The Life & Times of Don Isaac Abarbanel
Next week on the 31st of May it will be 525 years since Don Isaac Abarbanel fled the Spanish Inquisition and headed for Naples.
Isaac ben Judah Abarbanel was born in Lisbon in 1437. At an early age he showed great intellectual ability and was well versed in Rabbinic literature and Jewish philosophy. At the young age of twenty he wrote Ateret Zekenim, dealing with Providence and Prophecy.
He followed in the footsteps of his father, Judah Abarbanel, and was successful in matters of business and finance. After his father’s death he succeeded him as treasurer of King Alfonso V of Portugal.
Like his father he also became the spiritual leader of the Portuguese Community. At this stage he had little time left for the further development of his scholarly qualities.
When King Alfonso conquered the city of Arzila in Morocco, many Jews were taken captive and were about to be sold as slaves. In his high position as royal treasurer, and with the great wealth he had inherited from his father, Abarbanel was able to free his fellow Jews. In 1483 his entire fortune was confiscated when he was forced to flee to Spain after being falsely accused of planning to overthrow King John II, King Alfonso’s successor.
Shortly thereafter King Ferdinand of Spain appointed Abarbanel as his financial adviser and Isaac Abarbanel was eventually able to regain his original wealth. As such he was able to give financial support to King Ferdinand during the war in Granada, which nevertheless led to the decree to banish all Jews. Although Abarbanel did everything in his power to convince King Ferdinand to revoke the edict, it led to the expulsion of the Jews from Spain in 1492.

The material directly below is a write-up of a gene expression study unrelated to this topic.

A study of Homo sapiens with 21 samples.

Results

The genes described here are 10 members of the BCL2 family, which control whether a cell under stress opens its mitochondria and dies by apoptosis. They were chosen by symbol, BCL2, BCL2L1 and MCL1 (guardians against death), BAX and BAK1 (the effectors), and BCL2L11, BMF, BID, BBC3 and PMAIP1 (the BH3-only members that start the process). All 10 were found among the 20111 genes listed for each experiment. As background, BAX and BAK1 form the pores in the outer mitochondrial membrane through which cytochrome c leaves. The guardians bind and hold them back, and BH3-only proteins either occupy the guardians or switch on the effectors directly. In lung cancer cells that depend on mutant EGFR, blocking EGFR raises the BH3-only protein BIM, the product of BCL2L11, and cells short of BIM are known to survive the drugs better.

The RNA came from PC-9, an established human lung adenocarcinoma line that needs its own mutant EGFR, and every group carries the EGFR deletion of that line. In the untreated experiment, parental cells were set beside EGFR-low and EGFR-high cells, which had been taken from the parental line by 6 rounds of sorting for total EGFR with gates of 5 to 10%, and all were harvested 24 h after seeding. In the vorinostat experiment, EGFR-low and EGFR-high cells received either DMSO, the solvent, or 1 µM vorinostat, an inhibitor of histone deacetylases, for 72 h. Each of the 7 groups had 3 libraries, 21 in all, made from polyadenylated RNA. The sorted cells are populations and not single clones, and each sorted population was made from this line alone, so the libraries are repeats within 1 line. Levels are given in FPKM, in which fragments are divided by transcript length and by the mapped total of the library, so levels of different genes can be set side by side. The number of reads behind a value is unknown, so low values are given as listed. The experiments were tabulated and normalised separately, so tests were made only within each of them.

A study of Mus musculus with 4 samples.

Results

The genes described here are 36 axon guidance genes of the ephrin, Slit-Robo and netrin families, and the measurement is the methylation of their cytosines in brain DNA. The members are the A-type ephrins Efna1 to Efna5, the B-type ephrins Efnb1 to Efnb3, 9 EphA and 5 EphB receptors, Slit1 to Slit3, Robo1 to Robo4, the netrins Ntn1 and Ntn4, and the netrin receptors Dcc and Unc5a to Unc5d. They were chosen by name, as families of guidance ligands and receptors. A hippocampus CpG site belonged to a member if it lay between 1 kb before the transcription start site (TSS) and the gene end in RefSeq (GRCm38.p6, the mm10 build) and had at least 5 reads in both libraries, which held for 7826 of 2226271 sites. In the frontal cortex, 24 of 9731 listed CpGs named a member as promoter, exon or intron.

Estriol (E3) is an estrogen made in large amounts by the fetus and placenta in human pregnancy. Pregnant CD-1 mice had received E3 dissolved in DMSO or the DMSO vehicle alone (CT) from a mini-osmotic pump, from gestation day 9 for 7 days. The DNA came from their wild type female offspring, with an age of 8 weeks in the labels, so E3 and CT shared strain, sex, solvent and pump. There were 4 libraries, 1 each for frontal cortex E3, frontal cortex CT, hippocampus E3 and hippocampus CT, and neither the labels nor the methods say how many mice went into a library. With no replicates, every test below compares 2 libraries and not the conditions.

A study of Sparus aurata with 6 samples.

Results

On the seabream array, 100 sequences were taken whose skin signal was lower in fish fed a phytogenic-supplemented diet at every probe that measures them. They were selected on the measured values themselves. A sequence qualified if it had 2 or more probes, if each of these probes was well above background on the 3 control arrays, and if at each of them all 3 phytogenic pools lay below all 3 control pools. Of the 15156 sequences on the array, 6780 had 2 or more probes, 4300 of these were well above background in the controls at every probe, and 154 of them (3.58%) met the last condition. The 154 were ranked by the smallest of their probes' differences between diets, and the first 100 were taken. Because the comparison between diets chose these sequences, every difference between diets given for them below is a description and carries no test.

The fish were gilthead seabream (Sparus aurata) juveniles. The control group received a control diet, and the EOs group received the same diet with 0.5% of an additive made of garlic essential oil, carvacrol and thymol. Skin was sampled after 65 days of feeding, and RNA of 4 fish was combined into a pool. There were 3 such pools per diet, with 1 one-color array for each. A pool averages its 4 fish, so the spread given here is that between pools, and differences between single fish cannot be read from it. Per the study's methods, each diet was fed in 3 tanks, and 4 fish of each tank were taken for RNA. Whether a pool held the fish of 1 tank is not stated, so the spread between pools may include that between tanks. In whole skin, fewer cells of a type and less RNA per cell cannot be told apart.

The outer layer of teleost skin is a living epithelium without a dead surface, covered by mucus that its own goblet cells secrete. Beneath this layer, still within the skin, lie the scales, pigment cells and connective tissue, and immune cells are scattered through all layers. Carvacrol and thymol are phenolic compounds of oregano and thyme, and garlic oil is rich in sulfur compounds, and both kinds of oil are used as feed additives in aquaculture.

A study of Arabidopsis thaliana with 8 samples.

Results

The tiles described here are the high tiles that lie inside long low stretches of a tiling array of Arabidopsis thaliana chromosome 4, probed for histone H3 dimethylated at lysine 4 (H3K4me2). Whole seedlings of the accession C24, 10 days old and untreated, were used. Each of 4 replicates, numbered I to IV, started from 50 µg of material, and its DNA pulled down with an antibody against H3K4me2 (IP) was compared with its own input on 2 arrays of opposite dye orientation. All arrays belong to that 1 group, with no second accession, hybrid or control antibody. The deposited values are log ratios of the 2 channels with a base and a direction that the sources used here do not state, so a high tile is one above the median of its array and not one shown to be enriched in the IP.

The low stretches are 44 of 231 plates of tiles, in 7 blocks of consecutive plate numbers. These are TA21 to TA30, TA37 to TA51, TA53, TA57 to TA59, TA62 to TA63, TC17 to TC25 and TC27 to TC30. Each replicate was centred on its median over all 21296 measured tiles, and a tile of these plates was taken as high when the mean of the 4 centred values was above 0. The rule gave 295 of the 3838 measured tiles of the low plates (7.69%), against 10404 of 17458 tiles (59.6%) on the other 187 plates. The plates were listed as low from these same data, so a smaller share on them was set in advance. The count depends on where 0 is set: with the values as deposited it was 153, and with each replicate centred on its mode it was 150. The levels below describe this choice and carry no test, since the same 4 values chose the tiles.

Abarbanel fled with his fellow Jews to Naples. There he resumed his studies and for a short period he was able to concentrate on his scholarly endeavours. A French invasion in 1494 sent him into exile and his private library was totally destroyed. In 1503 he settled in Venice where he wrote his commentary on the Torah. He died in 1508 and was buried in Padua.
In his Perush (commentary) on the Chumash, he would introduce each chapter of his commentary with questions, sometimes as many as forty! This method would encourage investigation and discussion. In his commentary on the Prophets he would limit his questions to a maximum of six.
In the Rare Book Room at LSJS, we have Abarbanel’s commentary on the Pentateuch, printed in Hanau by Yacov Bashuysen in1709. We also have his commentary on Nevi’im Acharonim printed in Amsterdam in 1642, a Latin translation of his commentary on Hose’a, the first of the 12 small Prophets, which was printed in Leiden by Joannis de Vivie in 1687 as well as the above mentioned work on Providence and Prophecy, printed in Amsterdam by the famous Proops family, in 1739.
All these precious books can be found in the Library of LSJS.